Australia’s preeminent specialty-coffee event, the 2015 Melbourne International Coffee Expo (MICE) kicks off its 4th annual forum
Our Melbourne correspondent chronicles the first half of the annual Melbourne International Coffee Expo (MICE). Look for her second report on Tuesday, March 17.
BY SHANNY SENA
SPECIAL TO BARISTA MAGAZINE
For two years, MICE played host to a number of competitions organized by World Coffee Events (WBC): In 2013, there was the World Barista Championship, and in 2014, the World Brewers Cup,World Latte Art, and World Coffee in Good Spirits contests. Now that the carnival was over, it felt like everyone was pleased to go back to MICE business as usual ”networking and building on existing relationships.
I planned to walk about MICE quietly by myself, take a bunch of photos, and listen to what people were generally discussing. But I found that I couldn’t get from one stand to the next without bumping into someone I knew, exchanging enthusiastic hugs and the general exclamations of ‘How have you been?’ and ‘I haven’t seen you in forever!’ It took me a while to realize that all these people I knew were an accumulation of the friendships I had forged over the past few years of MICE, relationships I had built, growing stronger and more familiar with each year. Relationships were all around me.
The value of MICE isn’t in the fanfare and grandeur. It’s in the relationships that are built each year, whether between producers and roasters at the seminars, or between vendors who had decided to do joint collaborations with their stands. But most important were the ties that were being strengthened among MICE attendees themselves, relationships built over time, from year to year, not just those made over a weekend (though I did find myself playing matchmaker, introducing documentary makers to food and coffee judges, a pastry chef to a food historian, roasters to distillers and green bean suppliers, cafe owners to coffee accessories suppliers).
There were fewer roasters being represented in the stands this year. The main trend I noticed was the growth in specialty brands started by commercial roasters. This in itself created much discussion among my peers. Some were not in favour of this, as in Melbourne we love to support our small businesses and tend to see big corporations as the enemy. Others were of the view that this was awesome, as commercial roasters were finally seeing the value of specialty and relationship coffee, and wanting to get their share of the industry. Regardless of the motives behind their moves, I believe that it’s just another step towards the future growth of the industry, and introducing more consumers to quality coffee.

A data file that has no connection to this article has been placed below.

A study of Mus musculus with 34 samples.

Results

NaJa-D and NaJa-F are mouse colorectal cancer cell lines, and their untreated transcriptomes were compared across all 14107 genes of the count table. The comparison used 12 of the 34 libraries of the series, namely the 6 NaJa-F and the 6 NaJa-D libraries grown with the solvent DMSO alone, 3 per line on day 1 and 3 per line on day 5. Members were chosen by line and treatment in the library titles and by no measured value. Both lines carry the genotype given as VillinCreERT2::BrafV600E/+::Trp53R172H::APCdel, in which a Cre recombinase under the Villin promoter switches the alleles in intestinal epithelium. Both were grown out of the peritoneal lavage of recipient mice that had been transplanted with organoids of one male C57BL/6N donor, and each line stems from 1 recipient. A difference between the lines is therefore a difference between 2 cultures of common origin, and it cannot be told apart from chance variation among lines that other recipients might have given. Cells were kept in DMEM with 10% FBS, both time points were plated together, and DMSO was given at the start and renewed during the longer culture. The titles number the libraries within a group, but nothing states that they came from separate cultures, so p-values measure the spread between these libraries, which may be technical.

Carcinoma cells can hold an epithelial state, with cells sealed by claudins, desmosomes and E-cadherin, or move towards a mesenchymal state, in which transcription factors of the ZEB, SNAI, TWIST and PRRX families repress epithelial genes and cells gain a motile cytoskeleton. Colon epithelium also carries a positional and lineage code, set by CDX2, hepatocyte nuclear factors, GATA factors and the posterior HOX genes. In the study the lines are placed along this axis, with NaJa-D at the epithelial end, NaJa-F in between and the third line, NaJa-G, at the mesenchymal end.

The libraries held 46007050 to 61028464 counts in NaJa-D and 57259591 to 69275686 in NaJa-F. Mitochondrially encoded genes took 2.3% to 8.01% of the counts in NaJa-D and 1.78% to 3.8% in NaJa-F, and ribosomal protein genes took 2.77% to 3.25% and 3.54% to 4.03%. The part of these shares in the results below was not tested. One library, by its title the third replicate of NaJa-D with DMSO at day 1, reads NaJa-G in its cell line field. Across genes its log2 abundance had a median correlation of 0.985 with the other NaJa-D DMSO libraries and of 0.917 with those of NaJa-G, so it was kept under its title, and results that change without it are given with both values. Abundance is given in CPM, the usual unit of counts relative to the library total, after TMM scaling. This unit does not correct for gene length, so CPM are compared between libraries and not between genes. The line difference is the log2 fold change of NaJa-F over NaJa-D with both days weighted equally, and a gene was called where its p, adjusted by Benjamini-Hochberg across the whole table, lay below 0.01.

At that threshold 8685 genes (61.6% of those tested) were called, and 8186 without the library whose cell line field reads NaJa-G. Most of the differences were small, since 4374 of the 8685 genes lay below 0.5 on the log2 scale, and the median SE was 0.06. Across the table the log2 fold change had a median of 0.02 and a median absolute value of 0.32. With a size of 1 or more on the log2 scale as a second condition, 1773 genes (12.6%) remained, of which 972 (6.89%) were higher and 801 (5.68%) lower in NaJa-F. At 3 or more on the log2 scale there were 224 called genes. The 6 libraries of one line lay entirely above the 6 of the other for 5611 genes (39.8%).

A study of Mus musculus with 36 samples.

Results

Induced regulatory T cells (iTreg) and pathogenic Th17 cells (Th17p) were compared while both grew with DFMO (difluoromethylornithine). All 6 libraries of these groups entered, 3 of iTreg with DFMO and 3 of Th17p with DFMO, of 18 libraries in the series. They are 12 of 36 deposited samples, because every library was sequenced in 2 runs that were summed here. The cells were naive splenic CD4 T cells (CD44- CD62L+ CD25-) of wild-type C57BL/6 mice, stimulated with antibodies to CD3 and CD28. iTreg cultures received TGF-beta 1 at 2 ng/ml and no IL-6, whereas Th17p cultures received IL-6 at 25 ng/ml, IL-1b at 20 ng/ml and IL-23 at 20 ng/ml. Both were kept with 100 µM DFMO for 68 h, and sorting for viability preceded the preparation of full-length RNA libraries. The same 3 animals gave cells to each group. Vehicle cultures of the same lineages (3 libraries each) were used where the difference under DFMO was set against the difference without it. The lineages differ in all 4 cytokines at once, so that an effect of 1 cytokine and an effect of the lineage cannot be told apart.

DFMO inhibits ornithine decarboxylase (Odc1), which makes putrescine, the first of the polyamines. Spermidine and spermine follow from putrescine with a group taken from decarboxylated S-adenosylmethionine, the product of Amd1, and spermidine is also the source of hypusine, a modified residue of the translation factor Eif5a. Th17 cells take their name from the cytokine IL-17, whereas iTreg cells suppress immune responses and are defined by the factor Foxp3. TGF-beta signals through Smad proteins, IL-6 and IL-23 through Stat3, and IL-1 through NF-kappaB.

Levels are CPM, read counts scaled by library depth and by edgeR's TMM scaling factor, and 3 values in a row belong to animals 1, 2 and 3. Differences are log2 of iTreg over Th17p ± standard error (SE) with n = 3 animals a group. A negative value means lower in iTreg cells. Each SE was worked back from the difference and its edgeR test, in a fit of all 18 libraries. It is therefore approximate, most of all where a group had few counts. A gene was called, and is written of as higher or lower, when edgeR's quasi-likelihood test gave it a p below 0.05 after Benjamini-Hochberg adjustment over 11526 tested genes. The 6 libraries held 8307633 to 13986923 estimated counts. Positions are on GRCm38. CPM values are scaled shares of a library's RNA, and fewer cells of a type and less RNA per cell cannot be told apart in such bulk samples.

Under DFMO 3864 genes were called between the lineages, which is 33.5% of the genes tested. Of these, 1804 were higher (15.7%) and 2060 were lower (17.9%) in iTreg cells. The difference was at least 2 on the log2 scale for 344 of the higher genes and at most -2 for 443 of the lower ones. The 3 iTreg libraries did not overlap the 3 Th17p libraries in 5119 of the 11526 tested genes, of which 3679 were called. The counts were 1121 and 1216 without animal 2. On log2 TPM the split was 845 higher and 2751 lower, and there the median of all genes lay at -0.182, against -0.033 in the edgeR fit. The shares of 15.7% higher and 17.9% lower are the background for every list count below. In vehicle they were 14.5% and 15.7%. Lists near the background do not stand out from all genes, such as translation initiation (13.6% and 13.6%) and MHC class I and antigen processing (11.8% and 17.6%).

One company I would like to mention in particular is Grinders. They were one of the first roasters in Melbourne, setting up shop in Lygon St, Carlton. The shop is still there after all these decades, but the little roaster has not been turned on in years.
This year, the Grinders stand focused on the company’s roots. They had an enclosed laneway around the perimeter which took you on a walk through history. I think we can see interesting things from Grinders this year, as they embrace their humble beginnings and fire up that little roaster that’s been waiting to perform all these years. They’re not doing this under a different brand. By keeping their name, and reigniting their history, they’re bringing about a different kind of transparency. It’s as if they’re saying ‘we are who we are, we’re proud of ourselves, and we can do this too.’
I am looking forward to the second day of MICE. Now that we’ve all had a chance to catch up and see what exhibitors are doing, it’s time to get down to business.
Shanny Sena works in sales and training for Reverence Coffee Roasters in Melbourne, Australia. She has experience in barista competitions, has run and owned her own cafés and coffee brands, and worked for several top Australian roasters. She loves motorcycles, her two puppy dogs, and her husband, not always in that order.